It happened.

In between a letter from grandma and your utility bill there is a letter from the IRS. You double checked: it definitely has your name on it, and it’s thick. You left it on your desk for a day or two, trying to decide if you should open it or just throw it away (hint: always open it). You had a seat, grabbed a stiff drink and a box of tissues, and went for it.

You were hoping that the letter would say that you are exempt from income tax for life, but it didn’t. Instead it’s a bill with a giant number, plus some penalties, plus some interest. What do you do now? Here are 3 steps to take:

  1. Check your records.

The IRS sends a lot of notices each year (approximately more than 200 million) and most of these notices are sent by IRS computers. Like humans, IRS computers make mistakes sometimes; maybe they doubled your income or missed a tax payment you made. This doesn’t always happen, but it happens often enough that the first thing you should always do is check the letter against your own records. If you paid someone to prepare your tax return for that year, send them the notice and ask them to take a look, most firms will do that for free.

If you checked everything and you know the IRS is correct (for example: if you notice you forgot to include some dividend income on your income tax return) then you should pay the notice by the due date (but consider asking the IRS to forgive [use the term “abate”] the penalties, especially if you have a good record of compliance or if this was an honest mistake. You’d be surprised how often the IRS agrees).

If you checked your records and you think the IRS is not correct, things get harder. You’ll have to prove your point to them, which is not easy. Think of this as a mini court case: you vs. the IRS. You’ll have to state your reasons for disagreeing, present your evidence, and offer your version of the story; maybe the IRS will counter and you’ll need to defend your position. Worse, since everything is done on a timetable, you’re probably only going to have one shot at this. If you want help doing this reach out to me, even if you aren’t a current Alfano & Company client.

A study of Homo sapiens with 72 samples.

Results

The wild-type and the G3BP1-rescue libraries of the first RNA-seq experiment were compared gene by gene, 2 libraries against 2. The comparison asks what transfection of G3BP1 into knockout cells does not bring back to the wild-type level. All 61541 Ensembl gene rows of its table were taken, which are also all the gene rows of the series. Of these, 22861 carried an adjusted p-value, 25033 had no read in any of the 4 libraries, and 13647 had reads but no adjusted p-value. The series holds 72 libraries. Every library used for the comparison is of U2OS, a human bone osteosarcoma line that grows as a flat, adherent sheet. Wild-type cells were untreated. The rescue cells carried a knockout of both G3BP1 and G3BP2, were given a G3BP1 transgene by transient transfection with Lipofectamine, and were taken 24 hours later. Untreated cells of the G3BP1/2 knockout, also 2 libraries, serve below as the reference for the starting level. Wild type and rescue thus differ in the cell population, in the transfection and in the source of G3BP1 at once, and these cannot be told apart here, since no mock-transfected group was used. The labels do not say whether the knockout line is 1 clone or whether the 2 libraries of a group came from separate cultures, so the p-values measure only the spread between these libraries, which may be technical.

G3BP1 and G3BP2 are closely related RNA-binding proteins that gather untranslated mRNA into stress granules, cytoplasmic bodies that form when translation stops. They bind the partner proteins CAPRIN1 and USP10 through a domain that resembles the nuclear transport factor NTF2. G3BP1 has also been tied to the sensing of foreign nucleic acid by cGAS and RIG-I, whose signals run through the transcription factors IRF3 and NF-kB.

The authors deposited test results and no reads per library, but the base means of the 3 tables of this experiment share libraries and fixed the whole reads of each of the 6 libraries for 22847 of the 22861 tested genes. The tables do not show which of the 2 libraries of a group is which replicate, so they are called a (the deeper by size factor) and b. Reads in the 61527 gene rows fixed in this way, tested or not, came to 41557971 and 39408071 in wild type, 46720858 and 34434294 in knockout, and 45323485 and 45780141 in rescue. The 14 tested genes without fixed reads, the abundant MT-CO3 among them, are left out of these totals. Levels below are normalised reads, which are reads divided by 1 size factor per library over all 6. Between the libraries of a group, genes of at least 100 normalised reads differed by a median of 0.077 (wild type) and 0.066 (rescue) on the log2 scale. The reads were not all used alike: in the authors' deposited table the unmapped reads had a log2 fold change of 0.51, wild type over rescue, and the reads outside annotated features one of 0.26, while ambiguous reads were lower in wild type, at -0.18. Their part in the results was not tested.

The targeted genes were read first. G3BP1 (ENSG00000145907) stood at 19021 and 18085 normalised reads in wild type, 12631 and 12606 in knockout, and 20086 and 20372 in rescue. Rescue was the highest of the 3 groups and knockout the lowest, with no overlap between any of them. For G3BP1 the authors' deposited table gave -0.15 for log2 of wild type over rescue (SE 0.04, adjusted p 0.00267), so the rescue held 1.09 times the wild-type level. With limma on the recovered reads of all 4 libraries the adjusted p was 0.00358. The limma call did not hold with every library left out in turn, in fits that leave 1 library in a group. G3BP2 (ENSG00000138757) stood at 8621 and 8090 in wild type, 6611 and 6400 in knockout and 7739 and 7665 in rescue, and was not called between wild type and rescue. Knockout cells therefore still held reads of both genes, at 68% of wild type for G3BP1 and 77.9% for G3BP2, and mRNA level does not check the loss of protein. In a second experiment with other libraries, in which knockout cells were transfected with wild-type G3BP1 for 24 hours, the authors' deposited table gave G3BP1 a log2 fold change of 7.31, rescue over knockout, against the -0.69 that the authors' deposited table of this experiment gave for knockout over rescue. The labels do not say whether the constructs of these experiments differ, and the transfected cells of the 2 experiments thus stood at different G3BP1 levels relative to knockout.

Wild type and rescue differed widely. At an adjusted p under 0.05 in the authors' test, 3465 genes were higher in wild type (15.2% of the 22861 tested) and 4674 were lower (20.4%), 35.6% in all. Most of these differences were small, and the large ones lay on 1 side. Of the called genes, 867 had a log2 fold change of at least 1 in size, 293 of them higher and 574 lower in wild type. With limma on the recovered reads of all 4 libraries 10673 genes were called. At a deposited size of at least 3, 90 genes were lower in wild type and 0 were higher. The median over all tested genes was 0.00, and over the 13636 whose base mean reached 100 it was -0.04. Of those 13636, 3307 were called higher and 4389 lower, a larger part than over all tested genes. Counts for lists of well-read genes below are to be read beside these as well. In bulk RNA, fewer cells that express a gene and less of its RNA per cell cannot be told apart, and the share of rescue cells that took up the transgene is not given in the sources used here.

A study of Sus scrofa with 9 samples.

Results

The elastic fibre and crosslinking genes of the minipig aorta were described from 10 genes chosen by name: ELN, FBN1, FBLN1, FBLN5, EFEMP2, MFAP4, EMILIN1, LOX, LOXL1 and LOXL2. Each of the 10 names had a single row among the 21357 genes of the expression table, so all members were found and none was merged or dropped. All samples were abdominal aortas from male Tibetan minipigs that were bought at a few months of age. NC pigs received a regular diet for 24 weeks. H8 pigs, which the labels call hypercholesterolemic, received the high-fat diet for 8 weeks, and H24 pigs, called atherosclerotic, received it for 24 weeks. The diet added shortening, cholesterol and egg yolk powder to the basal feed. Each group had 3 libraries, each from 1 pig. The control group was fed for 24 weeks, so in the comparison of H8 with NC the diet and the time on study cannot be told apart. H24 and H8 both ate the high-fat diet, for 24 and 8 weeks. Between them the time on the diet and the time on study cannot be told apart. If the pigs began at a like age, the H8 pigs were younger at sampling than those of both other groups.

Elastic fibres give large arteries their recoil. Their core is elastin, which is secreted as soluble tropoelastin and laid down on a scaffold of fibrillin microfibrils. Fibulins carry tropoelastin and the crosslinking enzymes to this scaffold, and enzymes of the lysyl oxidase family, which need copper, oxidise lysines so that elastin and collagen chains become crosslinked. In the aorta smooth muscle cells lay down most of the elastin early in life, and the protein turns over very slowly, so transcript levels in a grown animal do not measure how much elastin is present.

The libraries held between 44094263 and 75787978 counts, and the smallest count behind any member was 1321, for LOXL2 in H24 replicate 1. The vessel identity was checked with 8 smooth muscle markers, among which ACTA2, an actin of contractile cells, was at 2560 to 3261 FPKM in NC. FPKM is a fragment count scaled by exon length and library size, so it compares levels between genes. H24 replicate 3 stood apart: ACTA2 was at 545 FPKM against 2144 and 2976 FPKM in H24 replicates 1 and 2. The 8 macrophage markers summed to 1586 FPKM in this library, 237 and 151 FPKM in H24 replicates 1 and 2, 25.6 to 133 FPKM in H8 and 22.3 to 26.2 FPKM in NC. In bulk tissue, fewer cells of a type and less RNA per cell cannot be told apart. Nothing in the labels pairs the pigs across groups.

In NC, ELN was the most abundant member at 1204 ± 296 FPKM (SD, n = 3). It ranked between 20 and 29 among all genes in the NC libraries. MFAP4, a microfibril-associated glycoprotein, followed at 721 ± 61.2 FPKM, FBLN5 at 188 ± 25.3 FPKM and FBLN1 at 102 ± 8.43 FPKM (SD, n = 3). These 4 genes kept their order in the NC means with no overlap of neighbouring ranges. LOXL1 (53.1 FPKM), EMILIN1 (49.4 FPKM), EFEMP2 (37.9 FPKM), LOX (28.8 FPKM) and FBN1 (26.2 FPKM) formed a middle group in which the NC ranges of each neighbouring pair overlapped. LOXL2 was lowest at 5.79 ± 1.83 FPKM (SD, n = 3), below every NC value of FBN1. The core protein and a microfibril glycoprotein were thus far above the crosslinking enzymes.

1. Act quickly.

A lot of the most common notices (such as the CP2000 series) are proposals, meaning the IRS thinks your tax return is wrong and is nicely (ish) informing you of that. If you wait too long the proposal becomes reality in the eyes of the IRS and they will send you a bill. If you don’t pay the bill, they’ll send a more urgent one, then they’ll levy your state income tax refunds, then they’ll levy your bank account or put a lien on your house. Don’t let it get that far, handle this problem at the beginning.

  1. Reach out for help.

The IRS is a big, complex organization with procedures for everything, some of which make sense and some of which don’t; I deal with them every day but it still gives me a headache sometimes. If you feel out of your depth don’t try to bluff your way through it, it just never works. Find someone who knows what they’re doing and ask them to help (OK, you’ll probably be paying them more than asking them, but it’s worth it). Be careful here: there are companies out there who prey on people in your position, be wary if anyone guarantees results or needs a really big retainer up front before they’ll do anything (but a retainer of 30-50% of the estimated fee is common in the industry, especially if you are a new client). If you’re sitting down with someone, ask them how much experience they have in dealing with the IRS, ask them if they’ve seen cases like yours before, and ask them for the realistic chances that they can secure a better outcome for you. If you get a bad feeling from them, take your business elsewhere.

Of course, solving tax problems is what I do so I hope I’m the first one on your list. Stay safe out there.

P.S. in this post I’m primarily talking about notices such as the CP2000, CP503, CP504, or Letters 1058/LT11/3172. If you’ve received a notice indicating the IRS is beginning an AUDIT (“Your Return has been Selected for Examination”) much of this post won’t apply, but I’m going to be covering what do to in that situation in a future post.